While testifying before Justice Jairus Ngaah of the Nyeri High Court on Tuesday, Mr Ibrahim Maina, the tour guide who was directing the woman and three of her family members said he informed them that it was not safe for them to go on nature walk in the forest.
“It was cloudy that day and I informed them that it was not safe for them to go outside the hotel to the forest because they had a baby, but they insisted on going for the nature walk,” Maina said.
The late Sharon Brown and her daughter, Margaux Brown, were trampled and killed by an elephant on January 4, 2010 as they were on a nature walk in the Mt Kenya Forest reserve area.
Mrs Brown was accompanied by her husband Jeffrey Brown, her sister and her brother-in-law.
NATURE WALK IN FOREST
They had arrived at the Castle Forest Lodge on a Sunday night and asked to be taken to the forest for a two-hour nature walk.
According to Mr Maina, before they left the hotel to go to the forest, they saw and read warning signs.
After walking for about an hour, he said, it started raining and he requested them to go back, but they insisted on proceeding.
“This time Mrs Brown removed a cap from her bag to protect the baby. Even after persuading them to go back, they refused to listen,” he said.
Mr Maina said as they were walking, he spotted an elephant charging towards him and he shouted at them to run for safety.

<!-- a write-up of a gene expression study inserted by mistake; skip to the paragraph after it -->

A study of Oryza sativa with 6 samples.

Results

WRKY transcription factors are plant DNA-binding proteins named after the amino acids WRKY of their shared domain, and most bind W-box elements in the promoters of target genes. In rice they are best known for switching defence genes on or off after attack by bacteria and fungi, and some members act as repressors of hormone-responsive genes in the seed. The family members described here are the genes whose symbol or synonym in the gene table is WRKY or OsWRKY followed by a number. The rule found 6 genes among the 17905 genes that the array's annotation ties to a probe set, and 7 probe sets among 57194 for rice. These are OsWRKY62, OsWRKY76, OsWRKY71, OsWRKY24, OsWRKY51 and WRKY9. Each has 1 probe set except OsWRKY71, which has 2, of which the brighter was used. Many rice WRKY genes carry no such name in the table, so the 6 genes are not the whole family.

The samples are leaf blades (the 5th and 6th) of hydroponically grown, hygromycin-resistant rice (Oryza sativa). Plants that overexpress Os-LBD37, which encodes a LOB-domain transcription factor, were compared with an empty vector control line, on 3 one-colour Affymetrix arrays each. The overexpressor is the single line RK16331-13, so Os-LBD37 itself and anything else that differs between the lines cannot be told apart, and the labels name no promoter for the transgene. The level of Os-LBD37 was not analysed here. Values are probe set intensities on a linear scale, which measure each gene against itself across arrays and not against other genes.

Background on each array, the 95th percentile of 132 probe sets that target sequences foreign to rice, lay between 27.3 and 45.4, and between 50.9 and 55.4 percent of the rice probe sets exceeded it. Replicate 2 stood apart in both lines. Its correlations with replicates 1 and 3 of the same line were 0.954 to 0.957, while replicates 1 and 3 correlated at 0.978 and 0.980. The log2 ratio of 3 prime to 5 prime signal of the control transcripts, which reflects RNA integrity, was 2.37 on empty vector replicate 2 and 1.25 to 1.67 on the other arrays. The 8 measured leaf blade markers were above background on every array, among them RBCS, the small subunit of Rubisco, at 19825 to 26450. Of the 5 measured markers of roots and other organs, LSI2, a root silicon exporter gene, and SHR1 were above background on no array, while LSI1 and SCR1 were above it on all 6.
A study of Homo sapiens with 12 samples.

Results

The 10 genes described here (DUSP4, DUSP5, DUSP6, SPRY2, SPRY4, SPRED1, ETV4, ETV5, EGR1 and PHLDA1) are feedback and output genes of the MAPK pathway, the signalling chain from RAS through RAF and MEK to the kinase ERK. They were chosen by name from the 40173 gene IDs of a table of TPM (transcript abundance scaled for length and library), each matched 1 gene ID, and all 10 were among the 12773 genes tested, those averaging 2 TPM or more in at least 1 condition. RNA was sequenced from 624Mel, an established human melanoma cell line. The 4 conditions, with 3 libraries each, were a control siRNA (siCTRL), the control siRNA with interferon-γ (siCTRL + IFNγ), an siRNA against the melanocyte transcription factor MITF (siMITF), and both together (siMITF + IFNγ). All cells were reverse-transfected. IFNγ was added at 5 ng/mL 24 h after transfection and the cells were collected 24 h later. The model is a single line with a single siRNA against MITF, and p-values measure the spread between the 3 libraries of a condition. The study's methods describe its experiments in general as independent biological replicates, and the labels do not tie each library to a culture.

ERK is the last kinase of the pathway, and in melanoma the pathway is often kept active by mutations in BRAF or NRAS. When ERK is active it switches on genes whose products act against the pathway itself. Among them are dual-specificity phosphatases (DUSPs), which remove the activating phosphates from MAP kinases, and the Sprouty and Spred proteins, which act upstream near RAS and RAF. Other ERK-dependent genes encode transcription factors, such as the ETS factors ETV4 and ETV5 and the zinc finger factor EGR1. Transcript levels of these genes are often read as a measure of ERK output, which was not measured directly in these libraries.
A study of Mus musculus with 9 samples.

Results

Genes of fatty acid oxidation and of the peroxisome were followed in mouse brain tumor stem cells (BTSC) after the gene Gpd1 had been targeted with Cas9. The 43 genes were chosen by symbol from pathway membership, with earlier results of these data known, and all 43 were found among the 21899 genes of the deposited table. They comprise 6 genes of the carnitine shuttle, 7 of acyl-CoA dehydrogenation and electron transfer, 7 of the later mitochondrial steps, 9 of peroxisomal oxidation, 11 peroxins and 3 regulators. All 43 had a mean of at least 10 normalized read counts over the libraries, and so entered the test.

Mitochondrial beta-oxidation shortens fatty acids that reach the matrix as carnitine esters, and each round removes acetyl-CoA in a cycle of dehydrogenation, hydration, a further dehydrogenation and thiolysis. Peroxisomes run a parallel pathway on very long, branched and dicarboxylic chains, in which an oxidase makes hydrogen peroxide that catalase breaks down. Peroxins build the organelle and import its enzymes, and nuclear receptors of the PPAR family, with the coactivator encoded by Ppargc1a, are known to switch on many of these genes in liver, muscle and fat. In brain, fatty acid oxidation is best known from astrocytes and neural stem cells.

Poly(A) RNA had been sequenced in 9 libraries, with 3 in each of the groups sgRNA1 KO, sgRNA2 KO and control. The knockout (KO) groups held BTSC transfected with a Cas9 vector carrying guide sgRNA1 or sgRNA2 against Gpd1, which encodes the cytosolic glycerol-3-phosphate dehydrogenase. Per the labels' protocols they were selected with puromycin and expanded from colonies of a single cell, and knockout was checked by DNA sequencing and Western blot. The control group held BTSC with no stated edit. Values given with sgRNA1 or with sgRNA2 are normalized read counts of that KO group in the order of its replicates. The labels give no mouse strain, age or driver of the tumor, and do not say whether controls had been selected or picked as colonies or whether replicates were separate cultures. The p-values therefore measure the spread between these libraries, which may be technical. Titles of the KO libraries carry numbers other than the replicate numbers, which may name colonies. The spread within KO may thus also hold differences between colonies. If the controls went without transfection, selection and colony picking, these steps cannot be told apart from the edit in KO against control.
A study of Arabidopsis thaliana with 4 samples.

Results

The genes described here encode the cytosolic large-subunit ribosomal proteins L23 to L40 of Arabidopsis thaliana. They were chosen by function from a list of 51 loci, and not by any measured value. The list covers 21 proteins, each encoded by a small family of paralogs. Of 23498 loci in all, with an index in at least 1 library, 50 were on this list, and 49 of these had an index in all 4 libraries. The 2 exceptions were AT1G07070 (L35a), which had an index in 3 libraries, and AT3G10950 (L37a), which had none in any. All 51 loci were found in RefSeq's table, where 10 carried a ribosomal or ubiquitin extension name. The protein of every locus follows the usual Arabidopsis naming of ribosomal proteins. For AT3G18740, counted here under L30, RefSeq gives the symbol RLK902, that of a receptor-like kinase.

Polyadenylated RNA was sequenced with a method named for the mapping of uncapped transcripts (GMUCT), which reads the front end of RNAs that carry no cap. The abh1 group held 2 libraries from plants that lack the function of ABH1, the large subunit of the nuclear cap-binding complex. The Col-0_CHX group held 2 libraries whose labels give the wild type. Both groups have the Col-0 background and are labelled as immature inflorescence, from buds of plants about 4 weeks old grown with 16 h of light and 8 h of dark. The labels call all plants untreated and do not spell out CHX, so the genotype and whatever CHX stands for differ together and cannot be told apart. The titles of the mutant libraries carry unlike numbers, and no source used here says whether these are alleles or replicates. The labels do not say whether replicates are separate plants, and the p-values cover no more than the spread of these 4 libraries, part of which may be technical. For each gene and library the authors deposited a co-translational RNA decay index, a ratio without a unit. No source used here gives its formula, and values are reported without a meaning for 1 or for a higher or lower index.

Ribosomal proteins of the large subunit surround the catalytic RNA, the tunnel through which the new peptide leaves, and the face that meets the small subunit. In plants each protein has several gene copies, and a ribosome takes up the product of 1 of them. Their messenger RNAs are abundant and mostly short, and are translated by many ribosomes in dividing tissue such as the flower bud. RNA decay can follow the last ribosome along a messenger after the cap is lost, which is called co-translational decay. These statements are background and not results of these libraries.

According to him, Mrs Brown, who was still carrying her baby ran to the right while the others ran to the left.
“While still running, Mrs Brown decided to cross and join the rest of her family on the left side, coming between me and the elephant.
“That was when the elephant knocked her from the back and tossed her in the air killing her on the spot,” explained Mr Maina.
Mr Maina said he was the first one to get to her but he found Mrs Brown’s lifeless body lying and the baby lying beside her.
“The father said that the baby was still alive and decided to carry to her back to the hotel,” Maina said.
The baby died on the way to the hotel.
After informing the hotel management about the incident, the bodies were flown to Nairobi by a Kenya Forest Service (KFS) helicopter.
The bodies were latter flown to the US where they were buried.
Mr Brown has sued the Castle Forest Lodge and the manager, Melia Van Laar, for negligence.
He has also listed the KFS and the Kenya Wildlife Service as respondents.
The family is seeking to be paid USD2.6 million (Sh 2.6 billion).
Hearing will continue on December 7, 2016.